This is Scary Stuff! Bench Press Injury to Stafon Johnson

If you have not seen the article on the football player from the University of Southern California being injured while doing bench press, here is a link to one. While doing a team weight training workout he lost the bar out of his right hand and the bar fell straight onto his neck.

Here is an article that gives you more of the details of the injury from ESPN. It sounds like the player was just doing a routine set of bench when the bar slipped out of his right hand and came crashing down on his throat. He did have someone right there spotting him but unless you are truly prepared there is no way you can catch the bar before it would hit the player. How scary this moment must have been not only for the player obviously but also the coach spotting him.

stafonjohnsonWe have discussed many times throughout this blog about the dangers of some of the various moves. I remember awhile back I got drilled by some people for my comments about barbell squats but here again is the example of what I am talking about. I realize I am in the minority when it comes to my beliefs on weight training in regards to athletics but I have taken the time to learn that in all honesty the Bench press is overrated.

I believe that the Bench press is an excellent tool to be used as a test of upper body strength but it is just not that practical to be used as the primary source of strength training for the chest and in many training systems, the entire upper body.

During my nearly twenty years of training athletes for speed and power I have learned how not to do a significant number of things in the training world. One of the major ones that I have learned is to limit and in some cases eliminate the potential risk of injury in my athletes. I understand that there are accidents like this one that do occur and they are rare but there a many other less dramatic injuries that happen in the weight room much more frequently.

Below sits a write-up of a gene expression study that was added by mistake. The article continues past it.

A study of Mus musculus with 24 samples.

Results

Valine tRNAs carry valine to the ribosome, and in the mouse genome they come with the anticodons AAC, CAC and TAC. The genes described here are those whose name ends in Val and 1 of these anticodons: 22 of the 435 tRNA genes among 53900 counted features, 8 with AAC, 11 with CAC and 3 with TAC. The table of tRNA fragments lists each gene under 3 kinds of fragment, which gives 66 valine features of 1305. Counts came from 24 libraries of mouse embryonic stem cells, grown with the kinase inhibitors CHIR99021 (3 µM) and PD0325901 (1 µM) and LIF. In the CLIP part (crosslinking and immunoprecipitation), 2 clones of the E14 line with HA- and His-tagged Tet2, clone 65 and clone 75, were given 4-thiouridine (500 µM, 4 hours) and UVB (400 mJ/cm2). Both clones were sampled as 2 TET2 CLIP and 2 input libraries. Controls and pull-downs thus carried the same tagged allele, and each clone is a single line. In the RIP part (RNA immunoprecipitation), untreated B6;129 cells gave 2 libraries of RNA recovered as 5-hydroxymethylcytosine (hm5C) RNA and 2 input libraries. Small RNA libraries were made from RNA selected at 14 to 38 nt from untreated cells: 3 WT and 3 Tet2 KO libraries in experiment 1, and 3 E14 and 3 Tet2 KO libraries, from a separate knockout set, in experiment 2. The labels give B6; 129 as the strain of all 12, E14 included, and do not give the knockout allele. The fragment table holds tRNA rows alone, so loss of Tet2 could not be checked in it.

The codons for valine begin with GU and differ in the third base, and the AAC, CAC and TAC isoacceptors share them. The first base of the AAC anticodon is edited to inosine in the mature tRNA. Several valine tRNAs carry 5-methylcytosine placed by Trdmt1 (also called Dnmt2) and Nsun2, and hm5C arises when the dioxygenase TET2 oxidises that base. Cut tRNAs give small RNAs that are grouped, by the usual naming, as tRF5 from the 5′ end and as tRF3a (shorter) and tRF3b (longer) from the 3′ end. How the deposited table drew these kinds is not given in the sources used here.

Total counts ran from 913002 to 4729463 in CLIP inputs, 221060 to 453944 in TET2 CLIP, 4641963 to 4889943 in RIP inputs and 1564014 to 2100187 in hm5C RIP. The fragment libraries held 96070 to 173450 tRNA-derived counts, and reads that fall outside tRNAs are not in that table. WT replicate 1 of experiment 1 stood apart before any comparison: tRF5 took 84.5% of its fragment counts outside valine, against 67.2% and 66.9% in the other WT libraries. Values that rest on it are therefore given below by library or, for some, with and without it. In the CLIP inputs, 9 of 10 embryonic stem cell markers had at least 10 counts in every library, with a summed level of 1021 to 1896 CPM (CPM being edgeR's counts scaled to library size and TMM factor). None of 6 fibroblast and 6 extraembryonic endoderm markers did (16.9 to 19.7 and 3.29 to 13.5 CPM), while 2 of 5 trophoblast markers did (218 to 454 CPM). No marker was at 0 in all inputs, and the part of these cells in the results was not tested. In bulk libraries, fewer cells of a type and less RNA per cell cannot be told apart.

For the longest time I too believed that the Bench was the gold standard of weight training. All through High School and College I was led to believe that my rank in the world as a man was based on what my bench press max was. How stupid I was but ultimately it was what I was taught. Once I had a chance to really understand how to train the human body for true strength and power I realized how limited the bench actually was.

One quick example I’ll share was back in 1998 I was working at a local High School. A Sophomore football player was in the weight room doing his typical sets of bench, squats, cleans, and dead lifts. He was having major injury issues on the field and struggling with issues in the weight room as well. We completely tok him off all weights and had him do body weight training only for about 3 months, then we started to mix back in lifting but using dumbbells only. He continued this all the way through graduation.

When he stopped lifting as a sophomore he had a max of around 235 pounds. Not bad for a sophomore who weighed about 180 pounds. He decided to go to Montana State University and walk on to their football program. He became really stresses when he found out he would need to bench for the coaches when he arrived. I told him not to worry so he did the test and maxed out at 350 pounds while weighing about 195 pounds. So without any bench press at all for over 2 years and his max still went up by over 100 pounds.

We have been wanting to build you a bench press program for awhile and this story reminded me of it. We will be discussing it in detail soon but trust us, it will be worth the wait.